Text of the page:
The Eighteenth Annual International Law and Religion came to a close in a plenary session on Tuesday afternoon, October 4, 2011. Center Director Professor W. Cole Durham, Jr. invited seven Symposium delegates and one audience member to join him in summarizing the event for all assembled in the Law School's Moot Court Room and listening in via live Internet stream. Joining Professor Durham during this hour were
- David Rodearmel – U.S. Foreign Services Officer, currently assigned to Stuttgart, Germany, former Symposium delegate, this year an audience member;
- Mariatu Bangura – Senior Executive, Gender and Children's Affairs, Ministry of Social Welfare, Sierra Leone;
- Justice Anthony Penrose Randerson – Justice, Court of Appeals, New Zealand;
- Eugenio Cedeño Areché – Deputy, National Congress, Chamber of Deputies, and President, Human Rights Commission, Dominican Republic;
- Brian Grim – Director of Cross-National Data and Senior Researcher in Religion and World Affairs, Pew Research Center's Forum on Religion and Public Life;
- Vicente Lines – Attorney at Law, Costa Rica;
- The Reverend Thomas Philips – Member of the Malaysian Consultative Council of Buddhism, Christianity, Hinduism, Sikhism, and Taoism;
- Jorge Horacio Gentile – Professor of Constitutional Law and Director, Universidad Católica Argentina; Argentine Council for Religious Liberty (CALIR).
Echoing the sentiments of many, Mr. Rodearmel said he was struck in attending Symposium events this year by how we have some distance to go yet in formulating mutually agreed upon international standards on religious freedom. "But encounters such as this one help greatly along that road, in making that journey."
The problems, observed Minister Bangura, are not with belief, not with religion. The problems are cultural and political. What is needed in each nation, she said, is what they have in Sierra Leone: a "melting pot" to mediate differences, a national religious council for engaging in interreligious dialogue. A Christian with a Muslim husband and Christian children, and parents who are one Christian and one Muslim, Ms. Bangura sees a hopeful future if people of all faiths can engage in meaningful, productive, and tolerant dialogue. She was touched, she said, at the way the students and hosts at the Symposium served the delegates. "As delegates, we should take that home with us, it should be part of us. I'm going to take all of what I have learned here to my country. From what I have learned here, I believe I will be in a position to influence, to give advice as to how we can improve."
Taking up the theme of mutual understanding and tolerant dialogue, Professor W. Cole Durham, Jr., Director of the International Center for Law and Religion Studies, Symposium's the sponsoring organization, spoke of a rapidly changing world in which "we can't begin to imagine what the future is going to be like." We do, however, "know some fundamental things. We know that human beings have spiritual sensitivities. We have questions about the meaning of life; about whether there is a life beyond; about how to find happiness and fulfillment; about how to build good and harmonious societies; about how to achieve justice and avoid evil. We also can be sure that human creativity and freedom will find differences with those characteristics in human beings and will find different answers to these fundamental questions, and as a result, we, our children, and our children's children will live in a pluralistic world."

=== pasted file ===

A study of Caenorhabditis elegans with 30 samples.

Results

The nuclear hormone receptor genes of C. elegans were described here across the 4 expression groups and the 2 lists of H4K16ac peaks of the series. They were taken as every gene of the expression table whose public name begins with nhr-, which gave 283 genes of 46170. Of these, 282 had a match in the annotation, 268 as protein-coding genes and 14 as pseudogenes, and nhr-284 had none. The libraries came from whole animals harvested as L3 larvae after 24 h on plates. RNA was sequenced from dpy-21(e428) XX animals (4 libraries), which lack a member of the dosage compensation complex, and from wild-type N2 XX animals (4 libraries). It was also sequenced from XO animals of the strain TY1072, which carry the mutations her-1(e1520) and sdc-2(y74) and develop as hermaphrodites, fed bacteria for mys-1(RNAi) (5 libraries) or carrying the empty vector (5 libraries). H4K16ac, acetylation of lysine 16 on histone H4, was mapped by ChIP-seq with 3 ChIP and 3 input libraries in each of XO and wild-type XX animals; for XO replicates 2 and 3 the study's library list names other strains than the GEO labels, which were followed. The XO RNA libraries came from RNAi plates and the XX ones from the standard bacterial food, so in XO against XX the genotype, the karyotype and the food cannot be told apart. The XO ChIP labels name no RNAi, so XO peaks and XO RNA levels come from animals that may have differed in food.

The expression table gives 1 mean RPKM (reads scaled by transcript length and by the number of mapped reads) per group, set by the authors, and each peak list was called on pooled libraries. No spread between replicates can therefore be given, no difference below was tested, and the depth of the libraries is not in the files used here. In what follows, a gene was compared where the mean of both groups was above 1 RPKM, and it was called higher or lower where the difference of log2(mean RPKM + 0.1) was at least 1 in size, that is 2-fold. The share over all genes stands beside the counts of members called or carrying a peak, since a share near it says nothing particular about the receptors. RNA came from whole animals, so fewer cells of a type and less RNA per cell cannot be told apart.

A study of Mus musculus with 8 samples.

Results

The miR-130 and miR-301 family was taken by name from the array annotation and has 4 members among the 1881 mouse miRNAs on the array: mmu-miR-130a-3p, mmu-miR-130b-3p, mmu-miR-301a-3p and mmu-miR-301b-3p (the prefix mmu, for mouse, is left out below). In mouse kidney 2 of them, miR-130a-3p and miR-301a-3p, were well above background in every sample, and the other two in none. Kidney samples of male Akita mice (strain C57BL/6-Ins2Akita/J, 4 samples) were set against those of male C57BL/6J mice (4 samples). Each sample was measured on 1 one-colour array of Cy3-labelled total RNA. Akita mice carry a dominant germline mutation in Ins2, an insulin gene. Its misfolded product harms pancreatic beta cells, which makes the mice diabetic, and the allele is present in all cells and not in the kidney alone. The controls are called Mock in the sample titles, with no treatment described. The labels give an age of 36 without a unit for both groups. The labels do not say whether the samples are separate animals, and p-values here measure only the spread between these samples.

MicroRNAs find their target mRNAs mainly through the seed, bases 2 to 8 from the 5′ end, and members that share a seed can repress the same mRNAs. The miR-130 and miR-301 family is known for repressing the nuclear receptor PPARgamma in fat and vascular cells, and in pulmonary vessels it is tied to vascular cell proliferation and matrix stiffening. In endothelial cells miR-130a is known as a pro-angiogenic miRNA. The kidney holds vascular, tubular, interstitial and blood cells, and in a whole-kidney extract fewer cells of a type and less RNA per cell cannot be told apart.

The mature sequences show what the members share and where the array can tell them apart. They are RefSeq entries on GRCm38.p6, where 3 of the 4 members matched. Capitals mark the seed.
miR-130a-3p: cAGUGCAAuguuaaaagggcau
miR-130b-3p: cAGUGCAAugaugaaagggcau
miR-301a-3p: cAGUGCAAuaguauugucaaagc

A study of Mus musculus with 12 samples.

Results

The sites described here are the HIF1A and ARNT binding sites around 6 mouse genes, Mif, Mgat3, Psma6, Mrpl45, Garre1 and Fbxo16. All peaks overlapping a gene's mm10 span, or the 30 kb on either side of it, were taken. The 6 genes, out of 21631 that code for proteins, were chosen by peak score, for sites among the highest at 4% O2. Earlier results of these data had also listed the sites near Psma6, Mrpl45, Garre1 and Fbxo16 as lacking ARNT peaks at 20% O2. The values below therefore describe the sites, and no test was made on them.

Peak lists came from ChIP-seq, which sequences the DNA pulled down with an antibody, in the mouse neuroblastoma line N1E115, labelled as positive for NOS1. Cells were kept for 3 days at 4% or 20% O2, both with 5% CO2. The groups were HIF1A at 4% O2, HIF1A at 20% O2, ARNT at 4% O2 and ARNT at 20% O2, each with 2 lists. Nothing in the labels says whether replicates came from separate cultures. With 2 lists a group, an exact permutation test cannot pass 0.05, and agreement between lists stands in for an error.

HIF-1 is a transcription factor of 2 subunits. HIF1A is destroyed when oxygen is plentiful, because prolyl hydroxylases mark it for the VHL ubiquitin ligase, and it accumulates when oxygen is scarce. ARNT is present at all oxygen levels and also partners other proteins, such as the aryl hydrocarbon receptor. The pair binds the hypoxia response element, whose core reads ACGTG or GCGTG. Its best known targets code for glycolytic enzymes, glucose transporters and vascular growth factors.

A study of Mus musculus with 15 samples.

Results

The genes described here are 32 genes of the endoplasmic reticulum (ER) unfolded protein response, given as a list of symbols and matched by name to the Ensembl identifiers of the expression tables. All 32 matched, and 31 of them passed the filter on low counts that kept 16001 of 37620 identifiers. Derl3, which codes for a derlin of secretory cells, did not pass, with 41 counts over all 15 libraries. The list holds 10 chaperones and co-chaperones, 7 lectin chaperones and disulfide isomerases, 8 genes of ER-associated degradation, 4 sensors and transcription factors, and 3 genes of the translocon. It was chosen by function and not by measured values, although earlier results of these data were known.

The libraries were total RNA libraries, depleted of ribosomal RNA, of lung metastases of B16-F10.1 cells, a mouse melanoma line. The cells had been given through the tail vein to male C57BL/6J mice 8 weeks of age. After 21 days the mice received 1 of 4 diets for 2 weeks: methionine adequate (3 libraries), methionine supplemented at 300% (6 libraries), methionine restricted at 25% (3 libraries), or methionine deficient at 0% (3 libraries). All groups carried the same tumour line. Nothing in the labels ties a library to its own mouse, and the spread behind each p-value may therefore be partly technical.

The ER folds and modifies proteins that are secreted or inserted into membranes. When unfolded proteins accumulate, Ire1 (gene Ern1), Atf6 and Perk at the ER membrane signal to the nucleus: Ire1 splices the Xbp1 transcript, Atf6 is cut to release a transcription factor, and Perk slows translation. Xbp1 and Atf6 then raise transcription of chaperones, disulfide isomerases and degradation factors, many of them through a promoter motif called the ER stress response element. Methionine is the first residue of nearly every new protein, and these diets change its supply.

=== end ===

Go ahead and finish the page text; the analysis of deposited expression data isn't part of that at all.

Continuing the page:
This means, said Durham, "that those of us engaged in the work of trying to understand the relationship of religion, law, and society will not run out of work ... and the contributions we can make will become more and more important." What is crucial in the future "is not that we have the same views, but that we know that we will protect each other in our right to have our own views. For this we will need wisdom, including the wisdom religious traditions, "teaching us to care about others."
Professor Durham closed his remarks with reference to the kind of religious practice "really wanted by God," a described in scriptural passage, from Isaiah 58: "to undo the heavy burdens, and to let the oppressed go free, and that ye break every yoke." That, said Durham, is "part of what religion should really be about. And then there's a promise that comes to those who do that: it says they will be able to 'build the old waste places; [they will] raise up the foundations of many generations; [they will be] The repairer of the breach, The restorer of paths to dwell in.'"
In our society we face a great many breaches, breaches of faith and rupture of relationships, said Durham. "But what I think is vital for us to do is to learn how to undo heavy burdens in each of our societies. I've come to know that people who come to this conference, each in their own way, in their own lives and their own traditions play significant leveraging roles in their societies to that end. And I'm convinced that and I've seen it at different places in the world—many places—that we can repair these breaches and that we can be restorers of paths to dwell in. I thank you for your participation and thank you for your work in support of that great cause."